Despite the different social classes of the Egyptian people, the main meal for Egyptians consists of traditional dishes such as beans and falafel, especially during the month of Ramadan, which has only a few days remaining. However, koshary, a light meal for many Egyptians, is especially popular among workers and employees because it is inexpensive, even in this time of inflation. Despite the recent increase in the price of beans and oil, the demand for these items has not decreased.
Abdullah, a young man no more than 20 years old, stands in the street in front of a bean cart, which he owns. His face is pale and burning from the sun. He says, "People eat here everyday, but I still can’t find a suitable place to stand. If I stand in a public crossroad, the police patrol will chase me, and if I go to a posh area, the residents will rebuke me and the municipality will chase me. And if I stand on a side street, the customers will not be able to reach me.” Abdullah adds, “During the academic year, I stood by the student housing where I made a lot of money, and my pot of beans would be empty before 10:00 a.m. But, now, I am forced to stand here until 1:00 p.m. bearing the sunlight until I get enough revenue so I can eat. There are far fewer customers during the summer.”
Concerning the prices prior to the wave of inflation, Abdullah states, "The cost of a plate was one pound, and then it rose to 1.50 pounds [EGP]. However, I can not raise the price more because the customers will not come. If I stand in a better area, such as Dokki, the price would be different. I know a cart owner in Dokki who sells the dish for 2.50 pounds and without pickles. He says the area is better, and the customers are better off. In addition, he offers toasted bread and more beans, and this is the reason for the price increase. But, in the end, it is all the same—beans cooked over a flame.”
Mustafa Assem, a pickle factory owner, says, "Pickling is a very old business, and there is no Egyptian, regardless of his economic class, that would not eat pickles. Most of my customers are beans and falafel restaurants because they serve their dishes with pickles. Normally, the price of pickles does not change much despite the price increases affecting all food items. The price for a kilogram may increase only 10 piastres every year, and this does not affect prices much, and the price for one kilogram will not exceed 8 pounds. However, supermarkets sell the kilogram for 30 pounds because they add different spices and different types.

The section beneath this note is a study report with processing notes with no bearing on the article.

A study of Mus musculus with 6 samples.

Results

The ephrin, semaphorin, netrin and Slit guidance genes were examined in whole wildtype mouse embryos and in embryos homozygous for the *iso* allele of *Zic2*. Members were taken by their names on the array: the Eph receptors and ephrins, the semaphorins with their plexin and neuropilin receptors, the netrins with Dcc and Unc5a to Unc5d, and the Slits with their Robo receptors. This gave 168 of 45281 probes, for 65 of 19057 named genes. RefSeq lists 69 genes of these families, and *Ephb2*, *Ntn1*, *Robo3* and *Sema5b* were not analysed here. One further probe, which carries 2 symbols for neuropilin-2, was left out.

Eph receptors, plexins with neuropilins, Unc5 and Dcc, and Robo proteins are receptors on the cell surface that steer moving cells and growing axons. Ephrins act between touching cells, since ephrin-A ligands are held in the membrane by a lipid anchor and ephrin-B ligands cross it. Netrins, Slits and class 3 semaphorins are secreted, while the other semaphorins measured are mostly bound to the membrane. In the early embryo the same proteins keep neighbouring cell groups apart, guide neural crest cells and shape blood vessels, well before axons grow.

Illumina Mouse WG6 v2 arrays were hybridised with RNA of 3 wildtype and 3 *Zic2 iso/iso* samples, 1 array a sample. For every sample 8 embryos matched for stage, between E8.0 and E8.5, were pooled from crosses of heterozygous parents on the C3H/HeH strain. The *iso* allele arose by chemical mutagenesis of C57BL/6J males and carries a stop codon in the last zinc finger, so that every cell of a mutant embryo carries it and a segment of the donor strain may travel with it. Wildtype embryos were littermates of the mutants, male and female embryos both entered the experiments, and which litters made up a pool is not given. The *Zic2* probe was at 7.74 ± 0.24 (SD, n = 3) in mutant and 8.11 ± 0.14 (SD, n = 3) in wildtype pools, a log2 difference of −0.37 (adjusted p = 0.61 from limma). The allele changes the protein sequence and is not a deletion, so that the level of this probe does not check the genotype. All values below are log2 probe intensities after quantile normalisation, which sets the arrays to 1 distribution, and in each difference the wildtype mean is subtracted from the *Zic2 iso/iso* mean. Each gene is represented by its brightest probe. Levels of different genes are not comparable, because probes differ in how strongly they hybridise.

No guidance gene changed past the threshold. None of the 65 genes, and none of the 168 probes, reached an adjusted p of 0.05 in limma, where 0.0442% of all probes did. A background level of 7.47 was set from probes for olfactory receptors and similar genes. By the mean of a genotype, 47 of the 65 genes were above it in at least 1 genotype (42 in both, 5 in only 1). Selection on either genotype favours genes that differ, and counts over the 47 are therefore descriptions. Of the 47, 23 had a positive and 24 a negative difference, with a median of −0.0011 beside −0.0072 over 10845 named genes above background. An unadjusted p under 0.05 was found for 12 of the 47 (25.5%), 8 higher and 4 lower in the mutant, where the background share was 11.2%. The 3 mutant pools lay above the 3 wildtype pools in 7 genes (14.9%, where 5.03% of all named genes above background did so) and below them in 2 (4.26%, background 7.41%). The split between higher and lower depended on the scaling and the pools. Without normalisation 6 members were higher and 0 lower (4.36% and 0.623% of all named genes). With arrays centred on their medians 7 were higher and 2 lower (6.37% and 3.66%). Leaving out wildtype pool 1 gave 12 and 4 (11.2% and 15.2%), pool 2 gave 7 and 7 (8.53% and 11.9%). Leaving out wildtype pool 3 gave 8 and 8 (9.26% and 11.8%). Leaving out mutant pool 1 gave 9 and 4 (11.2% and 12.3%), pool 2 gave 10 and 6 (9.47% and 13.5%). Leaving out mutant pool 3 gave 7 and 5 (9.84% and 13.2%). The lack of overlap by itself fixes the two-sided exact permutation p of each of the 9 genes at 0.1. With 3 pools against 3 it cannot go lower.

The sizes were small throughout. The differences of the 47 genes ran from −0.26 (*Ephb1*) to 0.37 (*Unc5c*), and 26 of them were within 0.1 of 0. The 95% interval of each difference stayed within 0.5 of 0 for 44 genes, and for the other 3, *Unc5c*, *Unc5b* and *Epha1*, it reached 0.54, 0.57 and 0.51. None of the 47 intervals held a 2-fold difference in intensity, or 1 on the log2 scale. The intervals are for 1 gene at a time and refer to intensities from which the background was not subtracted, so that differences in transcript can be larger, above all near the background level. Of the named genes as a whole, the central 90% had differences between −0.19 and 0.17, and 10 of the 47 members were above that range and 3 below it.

Haj Emran Ahmed, owner of a koshary store, says he has sold koshary for 50 years, and adds, “We used to sell servings of the dish for 5 piastres or just one tenth of a piastre. He said the business changed a lot—the restaurants got classier and the plates are now china rather than metal. The price has now increased to three or five pounds and koshary has become a stylish meal for many, as well as a filling meal for the poor.”
A dietician at the National Centre for Research, Dr. Laila Mehdi, discussing the nutritional value of the typical diet of the Egyptian, stated: “There are Egyptian meals with high nutritional values, such as beans, that contain a high content of vegetarian protein, iron, and carbohydrates. They contain an even higher amount of nutrition when olive oil and lemon is added. Falafel, which is made from a bean paste, is mixed with other vegetables that add to its nutritional value. Also, koshary is considered a meal that is complete nutritionally, especially when it is served with a salad."
Adel Mohamed, a construction worker, said, “I rely on koshary as my main meal because I am always working throughout the day. It is a light, quick meal that is filling as well."
Another worker, Talaat Ibrahim, said, "Beans and falafel are the main meal for Egyptians. Beans are like reinforced concrete for the stomach; they give me strength to overcome exhaustion and fatigue."